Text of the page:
It’s never a bad time to take responsibility for your finances, but the start of a new year presents a privileged opportunity to look backward and forward, at the same time. With the unique perspective, it may be possible to correct shortcomings and set your course for financial success in 2019.
Did you reach savings goals for the prior year? Are your personal debts held at a manageable level? Has your income recently changed? Answering these and other relevant personal finance questions provides some of the information you need to steer your finances in the right direction.
- Didn’t save enough? Carving savings from your spending budget may help you redirect funds to your nest egg, solving the problem in 2019.
- Debts climbing higher than your comfort level? Credit discipline and budgeting may be enough to tamp-down growing debt and establish manageable repayment.
- Earning more this year? A close look at your financial flow ensures the added income is allocated properly, maximising the impact of the extra earnings.
These examples represent only a few of the financial concerns you may encounter, kicking-off the year, with a financial focus. As you reconcile 2018 and look ahead to the new year, these tips can help you solve financial dilemmas and establish a firm foundation for the coming months.
Review and Realign Your Financial Goals
A lot of things can change over the course of a calendar year. If you haven’t recently reviewed your financial goals and weighed options for achieving them, the start of a new year furnishes a ripe opportunity to assess your ambitions. A few key areas to consider include:
- Retirement planning – ISAs, pensions, and other matters should be examined periodically, to ensure you’re making the most of available resources.
- Education savings – Families with children approaching college age need to project education expenses, so they’re ready when it’s time to attend uni.
- Emergency resources – A household emergency fund provides a layer of insulation, between you and the kind of unforeseen expenses that can ruin your budget. A six-month reserve is ideal, but even if you can’t put by the full amount, an underfunded rainy day account is far better than not having any resources, at all.
- Investments – Securities and other investments should be monitored and adjusted, in order to earn the best possible returns on your money. For results you can count on, tune-in to 2019 investing predictions and consult a trusted financial advisor.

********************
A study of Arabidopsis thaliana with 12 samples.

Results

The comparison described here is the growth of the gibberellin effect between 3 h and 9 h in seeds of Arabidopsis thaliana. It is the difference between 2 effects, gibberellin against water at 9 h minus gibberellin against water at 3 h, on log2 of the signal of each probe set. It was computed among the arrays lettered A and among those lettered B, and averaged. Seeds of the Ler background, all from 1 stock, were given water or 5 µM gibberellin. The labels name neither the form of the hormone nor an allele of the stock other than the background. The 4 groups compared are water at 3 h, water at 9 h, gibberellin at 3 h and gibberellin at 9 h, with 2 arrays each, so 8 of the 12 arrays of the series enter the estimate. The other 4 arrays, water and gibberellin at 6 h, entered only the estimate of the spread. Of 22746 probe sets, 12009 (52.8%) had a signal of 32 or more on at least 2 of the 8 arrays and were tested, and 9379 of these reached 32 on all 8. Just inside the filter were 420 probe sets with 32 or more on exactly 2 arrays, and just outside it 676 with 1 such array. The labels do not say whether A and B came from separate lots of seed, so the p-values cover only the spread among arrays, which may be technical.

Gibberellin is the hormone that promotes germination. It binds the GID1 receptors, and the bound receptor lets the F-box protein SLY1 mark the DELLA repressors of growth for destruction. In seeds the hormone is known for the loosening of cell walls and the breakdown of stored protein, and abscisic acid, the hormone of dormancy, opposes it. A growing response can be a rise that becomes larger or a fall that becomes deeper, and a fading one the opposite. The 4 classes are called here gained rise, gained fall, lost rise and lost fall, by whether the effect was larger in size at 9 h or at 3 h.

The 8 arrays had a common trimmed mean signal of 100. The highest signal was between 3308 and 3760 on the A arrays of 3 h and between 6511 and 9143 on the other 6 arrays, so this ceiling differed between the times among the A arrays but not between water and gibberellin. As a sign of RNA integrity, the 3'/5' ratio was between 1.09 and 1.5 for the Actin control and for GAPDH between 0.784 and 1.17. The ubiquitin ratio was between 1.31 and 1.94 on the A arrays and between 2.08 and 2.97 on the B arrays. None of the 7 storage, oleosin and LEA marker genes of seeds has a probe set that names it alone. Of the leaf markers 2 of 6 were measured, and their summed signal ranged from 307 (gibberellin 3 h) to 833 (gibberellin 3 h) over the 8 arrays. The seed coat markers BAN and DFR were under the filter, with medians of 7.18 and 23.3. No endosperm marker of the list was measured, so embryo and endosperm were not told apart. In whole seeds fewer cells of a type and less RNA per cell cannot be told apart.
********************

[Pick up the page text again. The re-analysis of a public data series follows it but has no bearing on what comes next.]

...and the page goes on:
- Putting by money for a house – Stepping on the property ladder is more difficult for Britons than ever before. If owning a house is one of your financial priorities, it’s important to keep moving the ball forward, preparing your deposit.
- Changes to your household finances – Did you add a family member last year? Or get a raise at work? Changes such as these have an impact on your household finances, so you may have to make adjustments when conditions change.
Economise Your Debt
Starting the year with too much expensive debt leaves you at a disadvantage, right out of the gate. If your revolving accounts are maxed out, generating substantial interest charges each month, it may be time to consider other forms of funding. Online lenders may be able to help, offering several types of loans for good and bad credit applicants.
Even without a credit check, several short-term loan providers will extend financing, until your next payday. The bridge loans can help you avoid adding to burgeoning credit balances. Your mortgage and student loan debt can also drag down your finances, so opportunities to consolidate or land a better interest rate can provide relief.
Managing money is a year-round job, but setting-off on the right foot is a great way to approach 2019. If you’re ready for prosperity and better financial health in in the new year, review your financial agenda and take steps to reduce costly debt payments.